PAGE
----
Why PPE is so important for your worksite


These days, everyone is aware of the risks that some construction and industry jobs bring with them, and much time and effort is spent on training, signposting, drawing up safety plans and equipping staff with the correct materials to perform their tasks. So why is it still a struggle to make sure some employees use PPE (Personal Protective Equipment) as part of their daily routine? Here, RSEA Safety, Australia’s market leader in the provision of PPE, workwear and safety equipment, explains why:

Why is PPE important?

Many workplaces carry a number of different risks and hazards, with the potential to cause harm or even death. These risks are mitigated through a hierarchy of controls, designed to protect people from various hazards, with personal protective equipment (PPE), the last line of defence when all other measures are implemented or exhausted. PPE protects workers from a number of various hazards, including:

  • Eyes – from flying particles, splashes of liquid or corrosive substances;
  • Head, hands and feet – from falling objects
  • Hands – from sharps, burns, spikes, abrasions or hazardous chemicals;
  • Skin – from abrasions or contact with hot or corrosive materials;
  • Lungs – from breathing in contaminated air;
  • Body – from extreme hot or cold temperatures either outside or in freezers etc.

Ways to encourage staff to wear PPE

As well as providing PPE for employees, you must also train them in how, when and why to wear or use the protective items. If you find that some employees are reluctant to wear certain PPE, make sure you find out why. Some of the most common reasons for staff not using certain PPE are:

  • Employees find certain items uncomfortable. If possible, conduct trials and consult staff on which PPE to purchase. If they have been involved in the selection of the products, they are more likely to use them.
  • Some PPE interferes with other items. If more than one PPE item must be worn at the same time, make sure they do not obstruct each other. Wearing a helmet should not prevent the user from wearing goggles, for instance.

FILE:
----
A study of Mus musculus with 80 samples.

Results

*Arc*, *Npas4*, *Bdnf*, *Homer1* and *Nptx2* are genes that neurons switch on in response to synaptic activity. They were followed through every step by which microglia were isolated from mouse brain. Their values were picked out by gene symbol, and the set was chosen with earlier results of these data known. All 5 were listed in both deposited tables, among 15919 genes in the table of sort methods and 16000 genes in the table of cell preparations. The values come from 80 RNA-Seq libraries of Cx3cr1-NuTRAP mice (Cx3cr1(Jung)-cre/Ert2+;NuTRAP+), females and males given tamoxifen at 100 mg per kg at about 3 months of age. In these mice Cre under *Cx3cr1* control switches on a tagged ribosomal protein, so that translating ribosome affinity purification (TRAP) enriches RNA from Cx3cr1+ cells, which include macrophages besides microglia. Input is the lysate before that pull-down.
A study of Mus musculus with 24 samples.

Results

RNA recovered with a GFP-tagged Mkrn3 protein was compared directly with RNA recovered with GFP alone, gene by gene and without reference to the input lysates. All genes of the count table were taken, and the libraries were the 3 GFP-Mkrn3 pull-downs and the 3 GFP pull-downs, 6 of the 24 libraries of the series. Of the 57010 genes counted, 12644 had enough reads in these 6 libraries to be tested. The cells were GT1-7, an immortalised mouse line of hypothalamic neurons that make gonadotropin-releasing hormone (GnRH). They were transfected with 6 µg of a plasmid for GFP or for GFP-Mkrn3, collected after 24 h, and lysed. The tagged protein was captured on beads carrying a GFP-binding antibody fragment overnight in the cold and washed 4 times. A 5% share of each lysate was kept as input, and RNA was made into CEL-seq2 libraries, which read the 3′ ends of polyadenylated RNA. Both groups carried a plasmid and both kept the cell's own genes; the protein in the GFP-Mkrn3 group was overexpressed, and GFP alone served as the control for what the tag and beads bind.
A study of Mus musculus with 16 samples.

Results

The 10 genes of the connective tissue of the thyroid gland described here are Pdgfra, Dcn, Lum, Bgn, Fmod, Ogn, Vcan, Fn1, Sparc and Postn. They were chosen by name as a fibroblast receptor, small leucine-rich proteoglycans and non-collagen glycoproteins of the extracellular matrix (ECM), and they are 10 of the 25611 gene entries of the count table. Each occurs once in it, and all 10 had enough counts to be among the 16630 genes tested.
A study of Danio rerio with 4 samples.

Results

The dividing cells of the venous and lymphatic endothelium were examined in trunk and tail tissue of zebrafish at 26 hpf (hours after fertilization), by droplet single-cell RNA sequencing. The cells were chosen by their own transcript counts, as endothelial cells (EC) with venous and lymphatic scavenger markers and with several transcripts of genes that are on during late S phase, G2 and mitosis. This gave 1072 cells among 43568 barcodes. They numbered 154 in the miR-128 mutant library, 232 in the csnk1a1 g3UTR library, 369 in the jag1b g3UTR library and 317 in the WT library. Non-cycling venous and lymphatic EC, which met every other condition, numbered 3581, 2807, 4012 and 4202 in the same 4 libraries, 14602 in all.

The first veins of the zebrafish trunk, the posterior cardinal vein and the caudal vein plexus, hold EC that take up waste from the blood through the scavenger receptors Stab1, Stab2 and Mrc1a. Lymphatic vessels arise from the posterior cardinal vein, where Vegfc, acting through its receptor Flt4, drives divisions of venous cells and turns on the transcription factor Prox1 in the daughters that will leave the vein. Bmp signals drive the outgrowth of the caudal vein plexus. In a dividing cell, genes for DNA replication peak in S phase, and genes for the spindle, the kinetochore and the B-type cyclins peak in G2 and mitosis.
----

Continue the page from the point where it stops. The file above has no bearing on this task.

• Health grounds. Other instances of people refusing to wear certain items of PPE have been recorded on the basis of health grounds, such as people who developed skin complaints from wearing impermeable gloves.
  • In some instances, workers refuse to wear PPE because they have never worn it, or have worked in environments that didn’t force or encourage it. Some workers are reluctant to change their ways, particularly if they have been in environments where it was considered ‘tough’ not to wear PPE.

In such cases, the employer must try to find acceptable alternative PPE equipment, or allocate the worker different tasks that do not require the use of PPE.

5 steps to ensure that PPE is worn when necessary

  1. Make sure that you consult your employees before introducing PPE. The people who perform the relevant tasks are best placed to see if the equipment will fit the requirements of the job.
  2. Signpost which areas or activities require the use of certain items of PPE clearly. You can purchase ready-made signs with texts like “hard hats must be worn in this area”. The information should also be provided in handbooks or operating manuals.
  3. Adopt a policy that clearly states when and where PPE use is required. You can include disciplinary actions for staff who do not use PPE as directed or who lose or inadequately maintain their equipment.
  4. Give supervisors training in the selection and use of PPE and make sure that they are aware that they have direct responsibility for ensuring that company policy is complied with.
  5. Ensure that PPE is stored in a location that is accessible at all times while employees are on duty, so there can be no reason for them not to wear or use the PPE provided. Make sure someone is responsible for regular checks to ensure that PPE is well maintained, clean and ready for use. Consider PPE vending machines onsite which can increase compliance while also lower cost of use.

Since opening in 1993, RSEA has grown to become Australian’s market leader in the sale and hire of Workwear, PPE and Safety Equipment. In fact, it is now the largest independent safety business in Australia with a wide range of quality Australian Workwear and Safety Equipment along with globally recognised brands in all areas of safety. As well as an easily accessed national store footprint, RSEA Safety also have onsite Safety Specialists who can assist with the selection and purchasing of safety items.